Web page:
TV industry 'skewed' towards private education

The UK’s television industry is strongly skewed towards people from privately-educated backgrounds, a major report into the diversity of the sector has found.

TV employees were twice as likely to, like Louis Theroux, attend a private school.
TV employees were twice as likely to, like Louis Theroux, attend a private school.

Ofcom's third annual Diversity and Equal Opportunities in Television report, which examines the social and economic background of the television industry, found that people working in television are twice as likely than the average person to have attended private schools and to have grown up in a family where one wage earner held a professional occupation.

Disabled people also remain under-represented in the sector, with no improvement since last year, while women remain underrepresented at senior level. The proportion of industry employees who define themselves as disabled remains at six per cent – still far below the UK working-age average of 18 per cent. Of the five main broadcasters, Channel 4 and the BBC have the highest representation of disabled people at 11 per cent and 10 per cent respectively, followed by Viacom, ITV and Sky, which had just three per cent.

The study is the first time the educational backgrounds of TV employees has been studied.

Fourteen major broadcasters – including the BBC, Channel 4 and Viacom, which owns Channel 5 – provided Ofcom with initial information on the social and economic diversity of their organisations. This included the type of schools attended by industry employees, and the occupations and qualifications held by their parents when they were growing up. The study allowed Ofcom to draw an initial picture of social diversity in UK television, based on responses from 10,188 industry employees – or around 30 per cent of the UK-based television workforce.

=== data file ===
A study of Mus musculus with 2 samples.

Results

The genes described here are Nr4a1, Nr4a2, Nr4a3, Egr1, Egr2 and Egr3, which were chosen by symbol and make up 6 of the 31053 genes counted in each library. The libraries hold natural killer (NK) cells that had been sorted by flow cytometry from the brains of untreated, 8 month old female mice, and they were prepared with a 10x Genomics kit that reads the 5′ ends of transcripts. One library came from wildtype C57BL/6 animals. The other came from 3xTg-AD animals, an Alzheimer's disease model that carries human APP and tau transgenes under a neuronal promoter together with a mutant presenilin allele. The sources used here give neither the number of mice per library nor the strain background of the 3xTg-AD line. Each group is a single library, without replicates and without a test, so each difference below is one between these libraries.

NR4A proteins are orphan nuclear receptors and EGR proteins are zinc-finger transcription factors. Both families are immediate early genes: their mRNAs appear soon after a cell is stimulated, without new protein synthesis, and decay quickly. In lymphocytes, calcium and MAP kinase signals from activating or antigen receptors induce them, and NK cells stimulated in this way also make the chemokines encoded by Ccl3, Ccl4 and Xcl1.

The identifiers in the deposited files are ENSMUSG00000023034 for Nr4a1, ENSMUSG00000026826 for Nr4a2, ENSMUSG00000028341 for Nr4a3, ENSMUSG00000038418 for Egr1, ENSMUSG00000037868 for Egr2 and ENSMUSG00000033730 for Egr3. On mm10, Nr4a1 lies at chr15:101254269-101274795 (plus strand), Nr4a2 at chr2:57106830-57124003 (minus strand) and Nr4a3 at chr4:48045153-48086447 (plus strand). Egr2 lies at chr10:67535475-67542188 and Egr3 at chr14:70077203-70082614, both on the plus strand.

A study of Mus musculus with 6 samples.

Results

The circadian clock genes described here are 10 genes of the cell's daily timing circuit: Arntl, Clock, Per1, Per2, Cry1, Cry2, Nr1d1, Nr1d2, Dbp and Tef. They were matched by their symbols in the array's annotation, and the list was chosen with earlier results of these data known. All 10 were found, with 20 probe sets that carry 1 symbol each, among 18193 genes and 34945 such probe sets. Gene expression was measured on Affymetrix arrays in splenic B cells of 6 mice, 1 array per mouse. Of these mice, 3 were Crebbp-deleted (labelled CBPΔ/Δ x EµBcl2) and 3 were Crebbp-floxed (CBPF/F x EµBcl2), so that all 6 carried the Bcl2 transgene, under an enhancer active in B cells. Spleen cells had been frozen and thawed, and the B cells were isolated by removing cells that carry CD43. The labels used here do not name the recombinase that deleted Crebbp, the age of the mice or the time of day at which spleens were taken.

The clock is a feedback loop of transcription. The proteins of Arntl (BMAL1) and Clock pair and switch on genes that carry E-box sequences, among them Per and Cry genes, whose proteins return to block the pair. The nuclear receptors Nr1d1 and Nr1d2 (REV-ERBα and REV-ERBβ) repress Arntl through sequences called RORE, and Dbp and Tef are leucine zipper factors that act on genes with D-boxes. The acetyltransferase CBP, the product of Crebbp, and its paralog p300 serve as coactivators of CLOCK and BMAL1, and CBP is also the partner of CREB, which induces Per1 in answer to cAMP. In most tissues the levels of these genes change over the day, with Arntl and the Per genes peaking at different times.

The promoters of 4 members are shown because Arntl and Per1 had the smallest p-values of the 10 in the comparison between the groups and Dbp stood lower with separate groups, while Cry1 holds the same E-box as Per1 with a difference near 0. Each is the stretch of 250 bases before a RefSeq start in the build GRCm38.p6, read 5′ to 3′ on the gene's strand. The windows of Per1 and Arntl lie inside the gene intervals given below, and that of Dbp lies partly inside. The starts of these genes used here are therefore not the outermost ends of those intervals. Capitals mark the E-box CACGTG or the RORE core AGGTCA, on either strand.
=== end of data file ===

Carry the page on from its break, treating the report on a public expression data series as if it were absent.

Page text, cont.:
Sharon White, Ofcom’s chief executive, said: “We want a TV industry where differences are celebrated, and the door is open to all. But the evidence shows that the dial towards full inclusivity is not shifting quickly enough, and we cannot allow progress to stall.

“Broadcasters must redouble their efforts to understand their workforces, examine what is working, and strive harder to attract the most talented people into television – whatever their characteristics or backgrounds.”

The proportion of women in the television industry has fallen to 45 per cent, short of the 47 per cent across the UK’s working population. The proportion of women in senior management roles has not risen significantly, moving from 41 per cent to 42 per cent. Men over the age of 50 are still more likely to be employed in television than women of the same age.

Ofcom is calling on the television industry to further narrow the gaps in diversity information, including on social mobility; materially improve representation of disabled people through targeted recruitment and career development programmes; work to ensure their workforce is more reflective of the working population of the area where they are based and work with Ofcom and other broadcasters to discuss new and creative ways of promoting equal opportunity - all by 2020.

The research helps Ofcom meet its legal duty, set by Parliament, to promote equality of employment opportunity in the broadcasting sector.